Media filter – how news outlets can report events completely differently

Media filter – how news outlets can report events completely differently
March 29 19:27 2017 Print This Article

There is a wide variation on how local news outlets cover stories.  The Tues. Charleston City Council meeting at the James Island Recreation Center provides a great example of that.  A capacity crowd was filled with people from the group Save James Island, who are opposed to the large apartment complexes which are clogging James Island roads.

The most accurate coverage, in my opinion, came from Count On 2 (WCBD) reporter Travis Rice.  He included quotes from Charleston County Councilman Joe Qualey and Charleston City Councilwoman Kathleen Wilson expressing the frustration of James Island residents over the high-density development being allowed.  Qualey said, “It has gotten out of control.  Pretty soon, it’s going to be concrete and cars.”  Wilson stated, “We have apartment complexes springing up like weeds.  The city has got to hear what (James) Islanders are saying and come up with solutions.”  You can read the coverage here:

ABC News 4 (WCIV) did a stand-alone interview with Qualey without capturing the mood of  Save James Island, which opposes high-density development.  Qualey told reporter Alex Heaton, “Our quality of life is being squeezed.”  He added, “City staff is out of touch.  They have not shown the willingness to work with the County, the Town of James Island, and Folly Beach.”  Live 5 News initially only reported on new regulations for carriage horses downtown.  On Wed., reporter Liza Lucas did interviews with Save James Island members.  Post and Courier reporter Abigail Darlington didn’t mention the group Save James Island or cite Councilwoman Wilson’s opposition to high-density development.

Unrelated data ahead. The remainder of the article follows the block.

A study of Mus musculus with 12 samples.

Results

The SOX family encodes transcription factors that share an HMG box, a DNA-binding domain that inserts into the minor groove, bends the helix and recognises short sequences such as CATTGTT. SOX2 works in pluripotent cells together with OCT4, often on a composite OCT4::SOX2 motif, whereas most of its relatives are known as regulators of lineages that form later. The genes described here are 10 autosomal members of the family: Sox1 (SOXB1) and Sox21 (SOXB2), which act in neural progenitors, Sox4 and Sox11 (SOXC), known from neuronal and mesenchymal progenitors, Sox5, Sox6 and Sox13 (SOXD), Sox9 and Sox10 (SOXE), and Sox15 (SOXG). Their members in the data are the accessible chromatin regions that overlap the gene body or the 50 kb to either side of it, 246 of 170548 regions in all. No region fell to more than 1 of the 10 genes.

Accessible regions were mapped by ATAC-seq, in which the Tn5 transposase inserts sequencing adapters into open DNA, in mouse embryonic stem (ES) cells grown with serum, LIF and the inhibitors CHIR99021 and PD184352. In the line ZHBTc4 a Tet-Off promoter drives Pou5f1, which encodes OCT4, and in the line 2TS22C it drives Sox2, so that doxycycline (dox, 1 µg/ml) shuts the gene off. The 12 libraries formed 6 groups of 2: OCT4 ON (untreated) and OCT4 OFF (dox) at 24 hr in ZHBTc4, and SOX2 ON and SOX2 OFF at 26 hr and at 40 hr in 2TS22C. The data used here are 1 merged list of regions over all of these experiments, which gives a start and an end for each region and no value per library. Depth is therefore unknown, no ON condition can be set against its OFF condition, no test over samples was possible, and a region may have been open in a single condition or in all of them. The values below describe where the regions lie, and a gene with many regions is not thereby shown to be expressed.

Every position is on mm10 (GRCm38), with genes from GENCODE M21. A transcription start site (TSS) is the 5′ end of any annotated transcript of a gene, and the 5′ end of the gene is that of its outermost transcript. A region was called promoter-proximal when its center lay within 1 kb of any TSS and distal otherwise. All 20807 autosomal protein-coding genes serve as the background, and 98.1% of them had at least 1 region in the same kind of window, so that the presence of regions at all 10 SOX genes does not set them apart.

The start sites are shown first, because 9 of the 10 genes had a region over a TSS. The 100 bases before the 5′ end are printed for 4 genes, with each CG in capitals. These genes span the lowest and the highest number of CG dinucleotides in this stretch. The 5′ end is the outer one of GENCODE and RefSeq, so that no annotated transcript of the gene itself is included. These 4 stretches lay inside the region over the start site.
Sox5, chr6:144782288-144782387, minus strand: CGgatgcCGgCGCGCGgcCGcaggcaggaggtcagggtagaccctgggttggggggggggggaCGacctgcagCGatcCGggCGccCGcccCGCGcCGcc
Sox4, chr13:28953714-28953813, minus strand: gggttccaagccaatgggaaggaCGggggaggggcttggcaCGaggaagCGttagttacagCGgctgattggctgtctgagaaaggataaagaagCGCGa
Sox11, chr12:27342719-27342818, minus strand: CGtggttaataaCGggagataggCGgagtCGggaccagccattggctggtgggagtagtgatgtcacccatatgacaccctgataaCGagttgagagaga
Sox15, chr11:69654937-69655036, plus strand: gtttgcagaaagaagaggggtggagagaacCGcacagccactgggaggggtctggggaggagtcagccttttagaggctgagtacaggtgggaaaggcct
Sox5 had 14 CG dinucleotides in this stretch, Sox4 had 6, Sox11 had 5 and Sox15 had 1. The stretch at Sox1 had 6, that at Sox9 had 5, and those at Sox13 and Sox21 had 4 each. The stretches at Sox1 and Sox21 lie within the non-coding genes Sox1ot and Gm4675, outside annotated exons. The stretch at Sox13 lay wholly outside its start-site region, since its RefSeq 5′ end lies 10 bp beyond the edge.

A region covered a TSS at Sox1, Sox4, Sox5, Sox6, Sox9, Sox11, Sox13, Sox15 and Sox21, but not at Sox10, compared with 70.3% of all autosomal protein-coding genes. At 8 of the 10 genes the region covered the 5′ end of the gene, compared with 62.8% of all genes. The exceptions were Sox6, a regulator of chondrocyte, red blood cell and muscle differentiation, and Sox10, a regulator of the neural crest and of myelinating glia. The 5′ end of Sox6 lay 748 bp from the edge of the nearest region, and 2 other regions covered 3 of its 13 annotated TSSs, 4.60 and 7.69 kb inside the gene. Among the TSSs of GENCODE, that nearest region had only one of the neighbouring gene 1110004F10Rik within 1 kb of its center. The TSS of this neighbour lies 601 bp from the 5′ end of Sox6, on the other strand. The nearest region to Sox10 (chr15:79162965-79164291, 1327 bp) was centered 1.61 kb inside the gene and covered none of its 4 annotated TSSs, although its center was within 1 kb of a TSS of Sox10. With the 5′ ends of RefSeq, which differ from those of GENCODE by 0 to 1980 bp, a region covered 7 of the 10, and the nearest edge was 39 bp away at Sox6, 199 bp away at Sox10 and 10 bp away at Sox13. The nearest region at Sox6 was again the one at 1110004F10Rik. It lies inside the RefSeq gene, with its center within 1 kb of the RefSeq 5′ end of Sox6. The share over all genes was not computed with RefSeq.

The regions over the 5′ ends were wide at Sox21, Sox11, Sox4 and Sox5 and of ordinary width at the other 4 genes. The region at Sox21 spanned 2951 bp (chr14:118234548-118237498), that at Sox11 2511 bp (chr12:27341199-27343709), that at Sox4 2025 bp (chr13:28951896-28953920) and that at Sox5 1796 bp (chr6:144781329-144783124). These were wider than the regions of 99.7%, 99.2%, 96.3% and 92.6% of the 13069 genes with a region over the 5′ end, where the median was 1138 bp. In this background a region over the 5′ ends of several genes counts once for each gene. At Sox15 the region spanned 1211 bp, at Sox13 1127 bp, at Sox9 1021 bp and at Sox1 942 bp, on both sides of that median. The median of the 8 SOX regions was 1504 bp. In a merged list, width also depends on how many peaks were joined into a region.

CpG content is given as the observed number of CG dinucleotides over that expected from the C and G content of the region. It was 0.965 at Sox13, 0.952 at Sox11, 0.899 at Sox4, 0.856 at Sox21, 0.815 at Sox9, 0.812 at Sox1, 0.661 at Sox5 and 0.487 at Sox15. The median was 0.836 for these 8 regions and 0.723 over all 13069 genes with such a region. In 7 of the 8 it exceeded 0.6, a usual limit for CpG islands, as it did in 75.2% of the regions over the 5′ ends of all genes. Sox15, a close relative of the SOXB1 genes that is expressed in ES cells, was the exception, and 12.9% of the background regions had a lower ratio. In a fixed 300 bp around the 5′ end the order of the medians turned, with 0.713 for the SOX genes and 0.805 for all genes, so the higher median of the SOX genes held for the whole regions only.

Lowcountry Source has been the only local news outlet to expose the New Urbanism agenda being pushed by local urban planners.  It calls for high-density development and more emphasis on mass transit.  We have also exposed the concept of “retrofitting suburbia”, which expresses that the suburban lifestyle of single-family homes and a preference for driving cars and trucks creates a large “carbon footprint” and contributes to climate change.  The high-density development being approved by our local governments has led to traffic congestion and a threat to maintaining a suburban lifestyle in West Ashley, James Island, Johns Island, and Mt. Pleasant.